CHICAGO — The decapitated head of a toddler found in a lagoon last week could belong to as many as nine missing children from across the country, and police now are seeking justice for the child in death that eluded it in life.
Divers found the child’s head—identified as an African-American toddler, likely 2-3 years old—after a jogger noticed a foot floating in the waters of a Garfield Park lagoon on Chicago’s violent West Side. The foot belonged to the child, authorities said, and the second foot along with both the child’s hands were eventually found. But after draining the lagoon in a failed attempt to find the torso, police called off their search Sunday.
At least two missing children from the metropolitan Chicago area fit the description, and at least seven more do from other states, according to media reports and the National Center for Missing and Exploited Children.
“The longer they’re gone, the higher the risk,” said Bob Lowery, vice president of the missing persons division of the national advocacy agency.
Abduction, physical and sexual abuse, abandonment and death tend to await children who aren’t found shortly after they are reported missing, Lowery said.
In Chicago, the discovery of the toddler’s remains has grabbed headlines—and Lowery said the gruesome finding has sparked a typical response at the center and among law enforcement agencies—but the case doesn’t appear to have reached much national attention.
“The age of the child will usually capture the public’s attention because it pulls at our heartstrings, because it’s hard to make sense of someone doing that to someone so young,” Lowery said.
Lowery’s organization is working with law enforcement in an attempt to solve the crime in Chicago, as well as that of a Jane Doe found over the summer in Boston, wrapped in a trash bag that was discovered by a woman walking her dog on the beach. Forensic testing determined the child had spent some of the summer months in “any one of the New England states” before her death, a maddeningly obscure fact for police and concerned citizens to consider in their efforts to identify the girl.
“They are rare, fortunately,” Lowery said of cases like those in Boston and Chicago.
Perhaps the rarity of the cases makes them stand out, although it would be difficult to conceive of a person who wouldn’t be shocked at a child discarded, and there have been many over the years.
One of the more disturbing cases comes from Lowery’s native St. Louis, where 32 years ago the decapitated body of a little girl who had been raped was found by looters in an abandoned house. Her head, her killer, and her life’s story remain missing and unknown to this day.
Among those in the Chicago area who fit the official police description of the toddler who was recently found—a black child between 8 months and 4 years of age—are Beyoun Collins, King Walker and Tra’Mya Pollard.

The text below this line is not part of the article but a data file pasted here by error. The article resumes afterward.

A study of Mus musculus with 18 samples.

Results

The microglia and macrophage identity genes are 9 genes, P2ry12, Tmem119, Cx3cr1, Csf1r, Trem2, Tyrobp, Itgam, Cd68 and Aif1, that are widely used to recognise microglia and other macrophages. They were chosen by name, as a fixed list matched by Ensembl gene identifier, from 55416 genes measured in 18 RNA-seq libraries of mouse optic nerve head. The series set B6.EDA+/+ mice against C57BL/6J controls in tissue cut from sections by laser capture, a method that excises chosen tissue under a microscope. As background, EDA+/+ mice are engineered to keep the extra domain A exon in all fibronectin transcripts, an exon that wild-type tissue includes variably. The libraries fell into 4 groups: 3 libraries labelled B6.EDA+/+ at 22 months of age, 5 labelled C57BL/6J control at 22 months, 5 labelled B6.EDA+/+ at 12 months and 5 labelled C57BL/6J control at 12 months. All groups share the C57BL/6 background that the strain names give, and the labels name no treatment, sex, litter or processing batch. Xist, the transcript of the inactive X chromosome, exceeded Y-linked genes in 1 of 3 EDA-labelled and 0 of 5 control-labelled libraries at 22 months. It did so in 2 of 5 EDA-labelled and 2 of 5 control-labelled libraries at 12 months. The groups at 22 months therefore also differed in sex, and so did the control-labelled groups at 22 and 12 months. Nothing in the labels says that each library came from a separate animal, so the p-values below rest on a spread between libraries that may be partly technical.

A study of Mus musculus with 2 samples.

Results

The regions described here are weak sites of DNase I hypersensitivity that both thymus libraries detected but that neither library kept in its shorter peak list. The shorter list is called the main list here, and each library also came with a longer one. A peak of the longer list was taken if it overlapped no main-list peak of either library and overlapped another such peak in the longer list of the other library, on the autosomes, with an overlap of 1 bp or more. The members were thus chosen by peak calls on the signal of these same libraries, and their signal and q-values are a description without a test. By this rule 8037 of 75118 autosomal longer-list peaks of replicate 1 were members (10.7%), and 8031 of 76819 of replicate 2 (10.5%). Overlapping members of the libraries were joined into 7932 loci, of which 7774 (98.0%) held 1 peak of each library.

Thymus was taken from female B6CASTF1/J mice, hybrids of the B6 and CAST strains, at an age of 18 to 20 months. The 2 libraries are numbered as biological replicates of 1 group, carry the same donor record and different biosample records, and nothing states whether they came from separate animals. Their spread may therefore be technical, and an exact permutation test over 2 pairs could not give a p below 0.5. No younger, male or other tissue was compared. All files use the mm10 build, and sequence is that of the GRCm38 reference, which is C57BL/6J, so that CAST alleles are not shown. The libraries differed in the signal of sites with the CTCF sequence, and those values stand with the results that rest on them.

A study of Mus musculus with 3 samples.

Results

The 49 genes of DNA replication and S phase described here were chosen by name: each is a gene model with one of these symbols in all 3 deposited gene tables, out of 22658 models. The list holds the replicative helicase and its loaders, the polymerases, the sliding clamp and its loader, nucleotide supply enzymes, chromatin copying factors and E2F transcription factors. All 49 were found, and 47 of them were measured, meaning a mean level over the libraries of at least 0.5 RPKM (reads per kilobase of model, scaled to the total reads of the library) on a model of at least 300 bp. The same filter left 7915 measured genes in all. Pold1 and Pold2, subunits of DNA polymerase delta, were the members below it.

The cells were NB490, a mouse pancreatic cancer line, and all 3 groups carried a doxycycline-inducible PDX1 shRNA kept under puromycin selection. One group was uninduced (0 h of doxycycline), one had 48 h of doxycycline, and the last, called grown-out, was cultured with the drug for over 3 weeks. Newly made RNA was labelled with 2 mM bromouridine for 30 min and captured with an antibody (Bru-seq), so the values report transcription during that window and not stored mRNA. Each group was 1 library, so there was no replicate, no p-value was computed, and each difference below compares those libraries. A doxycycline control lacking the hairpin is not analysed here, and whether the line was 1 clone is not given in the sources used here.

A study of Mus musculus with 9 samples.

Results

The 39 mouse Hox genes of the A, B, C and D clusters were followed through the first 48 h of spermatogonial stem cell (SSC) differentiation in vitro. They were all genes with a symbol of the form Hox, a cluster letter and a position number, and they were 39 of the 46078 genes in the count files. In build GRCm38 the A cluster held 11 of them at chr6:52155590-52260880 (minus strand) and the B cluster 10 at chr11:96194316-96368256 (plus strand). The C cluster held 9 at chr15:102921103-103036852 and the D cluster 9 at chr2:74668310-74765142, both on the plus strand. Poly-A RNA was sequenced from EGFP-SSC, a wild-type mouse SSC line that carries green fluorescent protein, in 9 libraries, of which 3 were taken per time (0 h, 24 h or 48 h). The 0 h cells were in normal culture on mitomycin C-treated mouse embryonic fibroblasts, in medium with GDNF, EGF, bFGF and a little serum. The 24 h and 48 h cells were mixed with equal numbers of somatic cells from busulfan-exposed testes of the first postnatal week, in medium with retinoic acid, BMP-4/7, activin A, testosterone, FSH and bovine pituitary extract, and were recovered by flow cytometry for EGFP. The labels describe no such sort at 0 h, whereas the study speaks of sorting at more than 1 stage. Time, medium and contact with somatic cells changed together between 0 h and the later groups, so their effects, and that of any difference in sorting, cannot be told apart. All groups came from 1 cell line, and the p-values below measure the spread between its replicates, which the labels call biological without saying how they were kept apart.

Expanded to all 50 states for black children in that age range, the list grows: J’Vontae Harden in Florida; Abigail Smith in California; Elaijah Karriem in Virginia; A’Million Shelton in Texas; Malik Drummond in Arkansas.
Drummond has been named along with 2-year-old King Walker as cases that police are looking into, although Chicago Police Superintendent Garry McCarthy downplayed the prospect that the remains found were that of Walker, missing along with his developmentally disabled aunt from nearby Gary, Indiana, since late July.
Walker’s disappearance raised questions among local media about the police’s failure to issue an Amber Alert for the child and his aunt, Diamond Bynum, a 21-year-old with the mental capacity of a 7-year-old. While Lowery wouldn’t discuss the particulars of the case, he did say that Bynum and Walker didn’t immediately fit the requirements for issuing the alert, which are put in place to avoid inundating the public with unnecessary notifications on their phones and TVs.
“We call it the car alarm effect,” he said. “The more you hear one, the less likely you’re going to do anything about it.”
Walker’s mother, Ariana, has posted on her own Facebook page, dismissing those who believe her son’s remains were the ones recently found in neighboring Chicago—a 50-minute drive away.
“My son is alive and he is coming home. I love you King and mommy is going to find you and bring you home. My heart goes out to that baby tho because no baby deserves anything like that,” she wrote of the child found in Chicago. “God please protect these babies from evil doers.”
Over the weekend, Walker wrote that she has received threats from those who believe it was her son King’s remains found by Chicago police in Garfield Park. She remains steadfast in her belief that her son is alive. And even if he and his aunt aren’t, they have other-wordly protection.
“I may not be able to see my son and sister right now but God is watching over them as we speak.”